Ellen Goodman


Ellen Goodman is one of the most influential journalists in the US. Her Pulitzer Prize-winning column appears in over 400 newspapers, making her the second most widely read columnist in the country. Ellen is an American original. A gifted writer who senses emerging shifts in our public and private lives, Goodman specializes in illuminating the cultural debates that become national obsessions. A truly innovative force in American journalism, she is widely acclaimed as a voice of sanity, and readers depend on her to help them make sense of their changing lives and relationships. In addition to the Pulitzer Prize for Distinguished Commentary, Ellen Goodman has won many other awards, including the American Society of Newspaper Editors Distinguished Writing Award, the Hubert H. Humphrey Civil Rights Award from the Leadership Conference on Civil Rights, and the President's Award from the National Women's Political Caucus.


Ellen began her career as a researcher for Newsweek magazine in the days when only men wrote for the newsweekly. She landed a job as a reporter for the Detroit Free Press in 1965 and, in 1967, for The Boston Globe where she began writing her column in 1974. It's been syndicated by the Washington Post Writers Group since 1976.

A 1963 cum laude graduate of Radcliffe College, Ellen returned to Harvard in 1973-74 as a Nieman Fellow, where she studied the dynamics of social change. In 2007, she was a Shorenstein Fellow at Harvard's Kennedy School of Government, where she studied gender and the news. As the first Lorry I. Lokey Visiting Professor in Professional Journalism she taught at Stanford in 1996.

Ellen's first book, Turning Points (Doubleday, 1979), detailed the effect of the changing roles of women on the family. Six collections of her columns also have been published: Close to Home (Simon & Schuster, 1979); At Large (Summit Books, 1981); Keeping in Touch (Summit Books, 1985); Making Sense (Atlantic Monthly Press, 1989); and Value Judgments (Farrar Straus Giroux, 1993) and Paper Trail: Common Sense in Uncommon Times (Simon & Schuster, 2004). She is also co-author with Patricia O'Brien of I Know Just What You Mean: The Power of Friendship in Women's Lives (Simon & Schuster, 2000).

Ellen won the Pulitzer Prize for Distinguished Commentary in 1980. She's won many other awards, including the American Society of Newspaper Editors Distinguished Writing Award in 1980. She received the Hubert H. Humphrey Civil Rights Award from the Leadership Conference on Civil Rights in 1988. In 1993, The National Women's Political Caucus gave her the President's Award. In 1994, the Women's Research & Education Institute presented her with their American Woman Award. In 2008, she won the Ernie Pyle Award for Lifetime Achievement from the National Society of Newspaper columnists.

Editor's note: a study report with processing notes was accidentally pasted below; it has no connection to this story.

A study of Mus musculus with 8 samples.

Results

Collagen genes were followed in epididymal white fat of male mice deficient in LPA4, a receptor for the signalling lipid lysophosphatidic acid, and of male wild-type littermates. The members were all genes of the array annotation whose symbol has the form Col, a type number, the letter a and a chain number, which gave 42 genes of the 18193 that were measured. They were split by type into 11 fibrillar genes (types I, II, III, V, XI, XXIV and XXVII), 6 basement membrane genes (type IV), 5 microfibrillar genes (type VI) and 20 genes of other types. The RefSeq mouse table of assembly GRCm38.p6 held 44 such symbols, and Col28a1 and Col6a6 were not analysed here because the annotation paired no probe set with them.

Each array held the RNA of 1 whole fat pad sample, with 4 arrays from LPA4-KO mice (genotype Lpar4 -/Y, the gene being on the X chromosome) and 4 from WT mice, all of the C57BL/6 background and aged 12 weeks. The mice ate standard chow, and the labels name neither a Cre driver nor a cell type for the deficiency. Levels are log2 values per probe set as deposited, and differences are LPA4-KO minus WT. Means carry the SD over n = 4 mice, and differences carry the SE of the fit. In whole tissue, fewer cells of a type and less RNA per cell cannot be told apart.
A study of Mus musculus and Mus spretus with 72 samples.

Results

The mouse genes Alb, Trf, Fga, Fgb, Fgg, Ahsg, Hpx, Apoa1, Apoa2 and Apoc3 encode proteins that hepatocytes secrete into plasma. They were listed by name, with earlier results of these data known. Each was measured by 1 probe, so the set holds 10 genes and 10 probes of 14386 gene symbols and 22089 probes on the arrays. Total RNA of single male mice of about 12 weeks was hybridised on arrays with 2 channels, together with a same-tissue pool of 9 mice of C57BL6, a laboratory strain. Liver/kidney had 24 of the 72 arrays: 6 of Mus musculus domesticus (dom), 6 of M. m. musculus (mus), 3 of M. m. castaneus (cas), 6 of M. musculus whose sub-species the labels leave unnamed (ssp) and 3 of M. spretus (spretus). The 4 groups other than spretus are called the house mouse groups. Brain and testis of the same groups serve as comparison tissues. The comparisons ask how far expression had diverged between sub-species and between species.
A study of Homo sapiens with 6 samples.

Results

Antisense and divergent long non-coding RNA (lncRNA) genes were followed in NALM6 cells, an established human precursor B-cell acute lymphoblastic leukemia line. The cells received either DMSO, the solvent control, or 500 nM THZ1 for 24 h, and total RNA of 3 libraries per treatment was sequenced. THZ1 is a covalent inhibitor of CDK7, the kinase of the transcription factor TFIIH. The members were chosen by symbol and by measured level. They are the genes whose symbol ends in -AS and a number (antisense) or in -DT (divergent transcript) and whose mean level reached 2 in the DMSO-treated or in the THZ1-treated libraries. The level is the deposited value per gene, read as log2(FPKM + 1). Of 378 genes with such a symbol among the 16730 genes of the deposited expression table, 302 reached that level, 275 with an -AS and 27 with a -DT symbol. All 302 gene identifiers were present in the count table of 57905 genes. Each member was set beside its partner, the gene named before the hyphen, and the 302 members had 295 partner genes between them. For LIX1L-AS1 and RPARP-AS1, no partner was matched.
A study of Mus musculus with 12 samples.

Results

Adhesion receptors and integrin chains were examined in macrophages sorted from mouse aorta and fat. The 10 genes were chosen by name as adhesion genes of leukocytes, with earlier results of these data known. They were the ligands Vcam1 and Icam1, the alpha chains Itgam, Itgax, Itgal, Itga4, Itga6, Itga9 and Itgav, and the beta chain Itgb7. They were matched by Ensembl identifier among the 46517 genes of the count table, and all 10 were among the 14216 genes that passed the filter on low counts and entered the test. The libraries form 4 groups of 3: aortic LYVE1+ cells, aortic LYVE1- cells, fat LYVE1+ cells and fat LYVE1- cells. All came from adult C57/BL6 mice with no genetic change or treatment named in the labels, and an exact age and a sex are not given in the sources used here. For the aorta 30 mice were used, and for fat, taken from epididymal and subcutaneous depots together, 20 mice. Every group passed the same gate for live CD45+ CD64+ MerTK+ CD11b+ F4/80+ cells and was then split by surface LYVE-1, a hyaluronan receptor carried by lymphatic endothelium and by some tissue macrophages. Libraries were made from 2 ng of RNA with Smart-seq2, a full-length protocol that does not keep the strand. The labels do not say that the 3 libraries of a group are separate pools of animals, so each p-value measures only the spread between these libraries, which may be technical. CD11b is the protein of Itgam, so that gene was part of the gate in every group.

Ellen has a daughter, stepdaughter, two grandchildren and lives with her husband, Robert Levey in Boston.

Women as Leaders

After a generation of change, women are stalled just below the glass ceiling, just outside the White House, just beyond the CEO office. We're half the medical students and only three percent of the heads of Fortune 500 corporations. We're half the law students and only 16 percent of Congress. We're doing the balancing act of work and family and bumping our heads against the limits. It's time to talk again about women and leadership. What can we can bring to the table beyond the coffee? Let's talk about women's values as well as women's rights. What have we learned in this presidential campaign year about the old barriers and the new energy for change.

The "F" Word

Whatever happened to Feminism? One generation traded depression for stress. Not such a bad bargain. But the glass ceiling is still in place, working mothers are overwhelmed, housewives are desperate and young women want to have children somewhere between the graduate degree and menopause. Are we stuck? What's next for the next wave? Anybody want a life?

Is This Any Way to Cover a Campaign?

In an era of food fight journalism and ballistic blogging, what's going on with the media? Ellen takes us from a time when the press shielded the private lives of an FDR and a JFK to the time when the personal has become public with a vengeance. What do we make of cable TV knockouts and scandals of the day? Is we are back into an era of pink and blue news? And what's happened to women's voices? Ellen argues for a truly 'new' media.

Women and Health

Women play the primary role in America's health care story. They are family caregivers and the intermediaries between children and doctors, husbands and doctors. They make most of the family decisions about medical care. In the past decades we've seen enormous change in all these areas. We've seen women becoming half the medical students. We've seen nurses struggling to gain more respect for their role. At the same time, we've seen women as patients coping with the research on hormones. The magic pill that was supposed to keep them young forever now appears to be a danger more than a help. All of this fits into the pattern of social change that Ellen tracks.  

Women and Friendship (with Patricia O'Brien)

Ellen and Patricia O'Brien, authors of the New York Times best-seller, I Know Just What you Mean: The Power of Friendship in Women's Lives, have treated audiences to a lively discussion of the importance of this central relationship in women's lives. Work, love and friendship are the three legs we stand on in life. How do we sustain each other, how do we sustain friendship in a busy life. As a duet, they show as well as describe this connection.

Sex & Sanity?

Ellen also speaks to groups with wit and wisdom about the sexual revolution and counterrevelotution, sex education and miseducation and where the prochoice community is now.